American RadioWorks |
(Photos: Franklin D. Roosevelt Presidential Library)

The First Family of Radio

When Franklin D. Roosevelt was elected president in 1932, he and first lady Eleanor Roosevelt both used the new medium of radio to reach into American homes like never before. They rallied the nation to combat the Great Depression and fight fascism. The Roosevelts forged an uncommonly personal relationship with the people. This documentary explores how FDR and ER's use of radio revolutionized the way Americans relate to the White House and its occupants.

(Photos: Franklin D. Roosevelt Presidential Library)

The First Family of Radio

When Franklin D. Roosevelt was elected president in 1932, he and first lady Eleanor Roosevelt both used the new medium of radio to reach into American homes like never before. They rallied the nation to combat the Great Depression and fight fascism. The Roosevelts forged an uncommonly personal relationship with the people. This documentary explores how FDR and ER's use of radio revolutionized the way Americans relate to the White House and its occupants.

Recent Posts

  • 11.17.14

    The Utility of a PhD

    Humanities professors at colleges and universities are re-thinking what it means to offer a PhD. The old model is proving unsustainable. It takes an average nine years to get a doctorate, but less than 60 percent of PhDs are finding tenure-track teaching jobs. This week, we look at a new report recommending academics view doctoral programs in a new light.
  • 11.10.14

    Radio: FDR’s ‘Natural Gift’

    President Franklin D. Roosevelt was a radio natural. He spoke in a confident, informal way, using simple words and phrases that were easy to grasp.
  • 11.12.14

    The Roosevelts as a political team

    Eleanor and Franklin Roosevelt were not the first White House couple to act as political partners, but they were the first to do so in such a public fashion.
  • 11.10.14

    Radio: The Internet of the 1930s

    Some predicted radio would be a powerful force for democratizing information and spreading knowledge to a vast population previously separated by geography or income. But the new technology also raised anxieties.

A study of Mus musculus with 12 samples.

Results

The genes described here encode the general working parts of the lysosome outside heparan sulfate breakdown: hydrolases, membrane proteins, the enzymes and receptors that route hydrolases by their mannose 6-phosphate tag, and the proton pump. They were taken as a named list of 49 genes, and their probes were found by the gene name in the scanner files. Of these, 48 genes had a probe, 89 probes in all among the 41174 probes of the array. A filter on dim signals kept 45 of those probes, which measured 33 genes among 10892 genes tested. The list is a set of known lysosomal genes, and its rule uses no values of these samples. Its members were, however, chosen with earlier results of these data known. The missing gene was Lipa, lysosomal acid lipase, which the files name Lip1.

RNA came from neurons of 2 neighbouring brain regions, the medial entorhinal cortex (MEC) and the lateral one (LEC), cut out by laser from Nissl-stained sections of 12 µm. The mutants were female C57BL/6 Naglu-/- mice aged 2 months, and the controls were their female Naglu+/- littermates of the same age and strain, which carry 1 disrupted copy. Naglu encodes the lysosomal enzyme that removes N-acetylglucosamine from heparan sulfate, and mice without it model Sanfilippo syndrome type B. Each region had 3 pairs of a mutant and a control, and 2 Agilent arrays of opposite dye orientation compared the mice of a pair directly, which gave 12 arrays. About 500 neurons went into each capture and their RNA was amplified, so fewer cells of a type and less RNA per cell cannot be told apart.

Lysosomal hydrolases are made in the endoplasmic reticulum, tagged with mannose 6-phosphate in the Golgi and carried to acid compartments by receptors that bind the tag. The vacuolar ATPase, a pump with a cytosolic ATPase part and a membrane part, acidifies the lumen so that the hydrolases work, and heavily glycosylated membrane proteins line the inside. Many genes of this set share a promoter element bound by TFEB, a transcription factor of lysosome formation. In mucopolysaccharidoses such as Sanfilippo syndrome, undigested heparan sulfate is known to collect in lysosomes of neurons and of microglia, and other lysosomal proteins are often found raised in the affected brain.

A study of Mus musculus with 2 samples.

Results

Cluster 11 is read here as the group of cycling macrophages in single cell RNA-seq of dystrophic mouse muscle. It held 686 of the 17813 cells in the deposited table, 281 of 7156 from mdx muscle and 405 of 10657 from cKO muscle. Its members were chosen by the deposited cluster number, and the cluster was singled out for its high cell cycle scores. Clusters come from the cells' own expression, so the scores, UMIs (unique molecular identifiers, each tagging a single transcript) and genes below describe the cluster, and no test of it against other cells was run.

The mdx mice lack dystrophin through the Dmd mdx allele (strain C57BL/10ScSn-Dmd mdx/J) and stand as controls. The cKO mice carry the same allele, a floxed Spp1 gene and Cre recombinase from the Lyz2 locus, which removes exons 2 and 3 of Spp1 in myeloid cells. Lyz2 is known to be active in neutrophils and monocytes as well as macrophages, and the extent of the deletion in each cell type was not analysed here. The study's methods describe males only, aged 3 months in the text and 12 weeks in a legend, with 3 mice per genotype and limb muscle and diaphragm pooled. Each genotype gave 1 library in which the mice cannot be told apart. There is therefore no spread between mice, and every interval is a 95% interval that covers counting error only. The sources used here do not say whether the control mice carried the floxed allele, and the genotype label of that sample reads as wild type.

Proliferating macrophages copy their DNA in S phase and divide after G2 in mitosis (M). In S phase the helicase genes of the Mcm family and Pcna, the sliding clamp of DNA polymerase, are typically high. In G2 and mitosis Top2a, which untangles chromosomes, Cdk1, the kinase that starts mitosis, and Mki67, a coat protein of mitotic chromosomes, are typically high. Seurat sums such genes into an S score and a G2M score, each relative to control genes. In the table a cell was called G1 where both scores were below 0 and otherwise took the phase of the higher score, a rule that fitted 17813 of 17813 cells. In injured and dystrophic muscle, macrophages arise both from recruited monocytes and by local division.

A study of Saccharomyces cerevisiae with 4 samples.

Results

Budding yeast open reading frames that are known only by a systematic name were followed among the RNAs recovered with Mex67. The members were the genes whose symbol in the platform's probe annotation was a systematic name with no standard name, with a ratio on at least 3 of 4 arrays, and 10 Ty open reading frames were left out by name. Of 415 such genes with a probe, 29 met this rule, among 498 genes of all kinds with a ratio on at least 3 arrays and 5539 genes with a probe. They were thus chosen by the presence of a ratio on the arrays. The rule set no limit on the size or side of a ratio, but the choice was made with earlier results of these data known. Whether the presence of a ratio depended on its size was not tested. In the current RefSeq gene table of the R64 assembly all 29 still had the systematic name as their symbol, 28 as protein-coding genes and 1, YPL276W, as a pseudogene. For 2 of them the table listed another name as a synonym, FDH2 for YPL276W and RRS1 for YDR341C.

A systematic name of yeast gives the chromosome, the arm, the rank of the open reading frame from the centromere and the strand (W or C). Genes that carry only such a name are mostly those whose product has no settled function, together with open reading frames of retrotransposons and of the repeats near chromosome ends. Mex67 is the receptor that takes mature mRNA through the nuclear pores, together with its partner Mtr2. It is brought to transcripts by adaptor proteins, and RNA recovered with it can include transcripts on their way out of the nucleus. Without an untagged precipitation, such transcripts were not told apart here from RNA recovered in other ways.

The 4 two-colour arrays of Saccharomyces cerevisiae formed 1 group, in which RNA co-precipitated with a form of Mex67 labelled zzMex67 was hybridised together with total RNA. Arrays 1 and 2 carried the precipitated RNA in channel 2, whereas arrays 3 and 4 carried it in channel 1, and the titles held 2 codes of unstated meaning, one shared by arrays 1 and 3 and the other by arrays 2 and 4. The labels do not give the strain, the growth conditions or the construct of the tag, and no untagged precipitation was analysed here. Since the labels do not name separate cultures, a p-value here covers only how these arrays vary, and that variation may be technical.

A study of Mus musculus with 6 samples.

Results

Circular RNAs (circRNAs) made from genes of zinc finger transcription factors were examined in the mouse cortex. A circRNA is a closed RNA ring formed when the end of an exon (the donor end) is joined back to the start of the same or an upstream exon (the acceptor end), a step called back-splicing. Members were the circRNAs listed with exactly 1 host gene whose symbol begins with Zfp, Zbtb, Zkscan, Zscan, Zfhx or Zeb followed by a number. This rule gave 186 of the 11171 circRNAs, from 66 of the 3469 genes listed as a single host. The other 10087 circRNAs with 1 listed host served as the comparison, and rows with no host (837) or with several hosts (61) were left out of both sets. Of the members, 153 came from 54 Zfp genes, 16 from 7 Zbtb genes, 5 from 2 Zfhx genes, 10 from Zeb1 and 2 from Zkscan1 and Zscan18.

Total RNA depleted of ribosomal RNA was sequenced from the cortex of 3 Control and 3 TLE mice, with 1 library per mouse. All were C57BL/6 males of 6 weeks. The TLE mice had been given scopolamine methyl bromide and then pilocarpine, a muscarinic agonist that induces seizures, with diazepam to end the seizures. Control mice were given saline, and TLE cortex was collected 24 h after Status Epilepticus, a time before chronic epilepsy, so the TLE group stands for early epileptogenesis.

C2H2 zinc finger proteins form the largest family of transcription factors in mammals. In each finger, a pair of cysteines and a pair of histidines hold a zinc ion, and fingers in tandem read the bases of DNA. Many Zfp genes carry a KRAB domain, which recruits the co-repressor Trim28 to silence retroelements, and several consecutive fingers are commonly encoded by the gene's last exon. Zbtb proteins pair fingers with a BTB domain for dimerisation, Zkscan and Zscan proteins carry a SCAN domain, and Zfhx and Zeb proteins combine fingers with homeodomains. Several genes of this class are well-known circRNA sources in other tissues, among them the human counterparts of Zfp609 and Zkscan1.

Back to The Data

Office of

Rick Lazio


Total cost of 8 office trips: $9,022.58


Trips by Rick Lazio
Total cost of congressperson's 6 trips: $8,224.00

Destination: ORLANDO, FLORIDA
Sponsor: NOVAGRADIC & COMPANY
Purpose: KEYNOTE SPEAKER AT HOUSING TAX CREDIT CONFERENCE
Date: Jan 5, 2000 (4 days)
Expense: $767.50
source

Destination: DALLAS, TEXAS
Sponsor: National Association of Home Builders
Purpose: FEATURED GUEST AT EXECUTIVE & LEADERSHIP BOARD MEETING
Date: Jan 12, 2000
Expense: $295.00
source

Destination: AVENTURA, FLORIDA
Sponsor: Harvard University
Purpose: BIPARTISAN CONGRESSIONAL HEALTH POLICY CONFERENCE
Date: Jan 20, 2000 (3 days)
Expense: $3,204.00
source

Destination: PALM SPRINGS, CALIFORNIA
Sponsor: United States Telecom Association and state affiliates
Purpose: KEYNOTE PRESENTATION ON CURRENT TELECOM ISSUES IN CONGRESS
Date: Feb 20, 2000 (2 days)
Expense: $3,168.00
source

Destination: NEW YORK CITY
Sponsor: Suffolk County Organization for the Promotion of Education
Purpose: KEYNOTE SPEAKER & AWARD PRESENTER AT ANNUAL CONFERENCE
Date: Mar 17, 2000 (1 day)
Expense: $170.00
source

Destination: BOSTON, MA
Sponsor: Harvard University
Purpose: VISITING FELLOW
Date: Dec 10, 2000 (1 day)
Expense: $619.50
source


Congressional staff traveling under the office of Rick Lazio

Dawn Petchell



American RadioWorks |
(Photos: Franklin D. Roosevelt Presidential Library)

The First Family of Radio

When Franklin D. Roosevelt was elected president in 1932, he and first lady Eleanor Roosevelt both used the new medium of radio to reach into American homes like never before. They rallied the nation to combat the Great Depression and fight fascism. The Roosevelts forged an uncommonly personal relationship with the people. This documentary explores how FDR and ER's use of radio revolutionized the way Americans relate to the White House and its occupants.

Recent Posts

  • 11.17.14

    The Utility of a PhD

    Humanities professors at colleges and universities are re-thinking what it means to offer a PhD. The old model is proving unsustainable. It takes an average nine years to get a doctorate, but less than 60 percent of PhDs are finding tenure-track teaching jobs. This week, we look at a new report recommending academics view doctoral programs in a new light.
  • 11.10.14

    Radio: FDR’s ‘Natural Gift’

    President Franklin D. Roosevelt was a radio natural. He spoke in a confident, informal way, using simple words and phrases that were easy to grasp.
  • 11.12.14

    The Roosevelts as a political team

    Eleanor and Franklin Roosevelt were not the first White House couple to act as political partners, but they were the first to do so in such a public fashion.
  • 11.10.14

    Radio: The Internet of the 1930s

    Some predicted radio would be a powerful force for democratizing information and spreading knowledge to a vast population previously separated by geography or income. But the new technology also raised anxieties.